Strength Training: How Young is Too Young?
When a kid is seen at an adult gym, the perceived judgment by most people is “get this kid out of my gym, he’s going to get injured or hurt someone else” or ” what are they doing here, they haven’t even hit puberty yet.”
Strength training among young children has been a common controversy ever since the 1970’s when Japanese researches studied the height of juvenile children. They concluded that the kids were extremely short due to a substantial amount of physical labor and carrying heavy objects. The anecdote on this issue is people thought working out will stunt their growth because of potential tears to growth plates. If that was the issue kids and teenagers wouldn’t grown to their maximum potential height and could even develop abnormal development in the specific tendon. Another misconception is that working out wouldn’t even lead to muscle mass and strength because the lack of testosterone flowing through their body. In reality both views are speculation, in reality strength training is one of the most beneficial activities for kids who are athletes or not.
Kids can workout to, the only difference is there are more guidelines they must follow in order for it to be healthy and safe. If a kid wants to workout they must be supervised, taught proper form, use low weights or even objects like medicine balls or elastic bands, and go for high repetitions. The Institute of Training Science and Sports Informatics studied over 60 years of children and strength training data from boys and girls ages 6-18. The results showed that the kids who worked out 2-3 times a week developed more muscle strength then those who worked out once a week. In a study composed in Clinical Sports Medicine they discovered a wide variety of benefits that go hand in hand with kids who are strength training at such an early age. The first thing is their bone mineral density will actually increase. This is important because it makes your bones stronger which will prevent future injuries especially osteoporosis. Now when that child grows up they won’t be as fragile and can actually absorb a fall or hit because their bones are a lot stronger. Strength training also benefits these children because their neuromuscular activation improves which means their motor skills will increase. When neurons are working simultaneously, their muscles and nervous system will work better which depicts a better athlete. Timing, speed, and reflexes ultimately improve which helps a kids in sports as well as in everyday life. If a kid is strength training they are usually a step ahead of their competition and are better prepared for the sport they want to excel in. This gives them the advantage in sports and will allow them to prosper in the sport they participate in.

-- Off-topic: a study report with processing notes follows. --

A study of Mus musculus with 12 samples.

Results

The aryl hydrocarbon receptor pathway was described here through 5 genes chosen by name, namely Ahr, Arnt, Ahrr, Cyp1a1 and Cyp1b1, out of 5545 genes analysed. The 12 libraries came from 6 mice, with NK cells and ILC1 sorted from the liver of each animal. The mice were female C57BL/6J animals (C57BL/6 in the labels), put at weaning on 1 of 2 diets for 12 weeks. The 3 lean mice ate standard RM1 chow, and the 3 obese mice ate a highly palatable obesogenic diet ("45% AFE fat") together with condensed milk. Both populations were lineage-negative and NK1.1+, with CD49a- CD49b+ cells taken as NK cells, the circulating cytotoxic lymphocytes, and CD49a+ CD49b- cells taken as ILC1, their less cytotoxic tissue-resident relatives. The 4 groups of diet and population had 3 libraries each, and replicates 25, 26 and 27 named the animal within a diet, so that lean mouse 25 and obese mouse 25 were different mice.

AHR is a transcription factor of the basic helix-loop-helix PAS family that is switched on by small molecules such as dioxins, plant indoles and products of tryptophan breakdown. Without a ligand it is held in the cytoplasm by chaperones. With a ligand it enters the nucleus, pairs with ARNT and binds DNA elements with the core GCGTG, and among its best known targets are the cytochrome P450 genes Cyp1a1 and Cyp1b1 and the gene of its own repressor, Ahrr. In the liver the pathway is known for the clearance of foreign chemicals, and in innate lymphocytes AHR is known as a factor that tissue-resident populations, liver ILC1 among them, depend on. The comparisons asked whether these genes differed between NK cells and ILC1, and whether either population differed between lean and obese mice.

There is a huge difference when a kid puts on strength than how an adult does. Since the bodies of adults are far more developed when they are working out and lifting heavy weights for a longer time period they are able to put on muscle mass and size at a fast rate, this process is known as hypertrophy. Exercises displayed by kids are much different, according to Dr. Feigenbaum, and it is more beneficial to use their own body weight by doing exercises like push ups, wall sits, and pull-ups or when they carry and manoeuvre every day objects. This doesn’t necessarily increase the size of their muscles but actually improves their strength. Being able to manoeuvre their own body weight is crucial for a young athlete because they become more flexible as well as adroit in any activity they do.
Not only is it healthy for kids to strength train but it is crucial for the development of their body as well as their nervous system. If they are exercising the correct way, following the recommended guidelines there is no reason why a kid shouldn’t be allowed to workout. The null hypothesis on this topic is it will destroy chances of growing to maximum height but there is no evidence detecting growth defects if a child is working out and training the right way.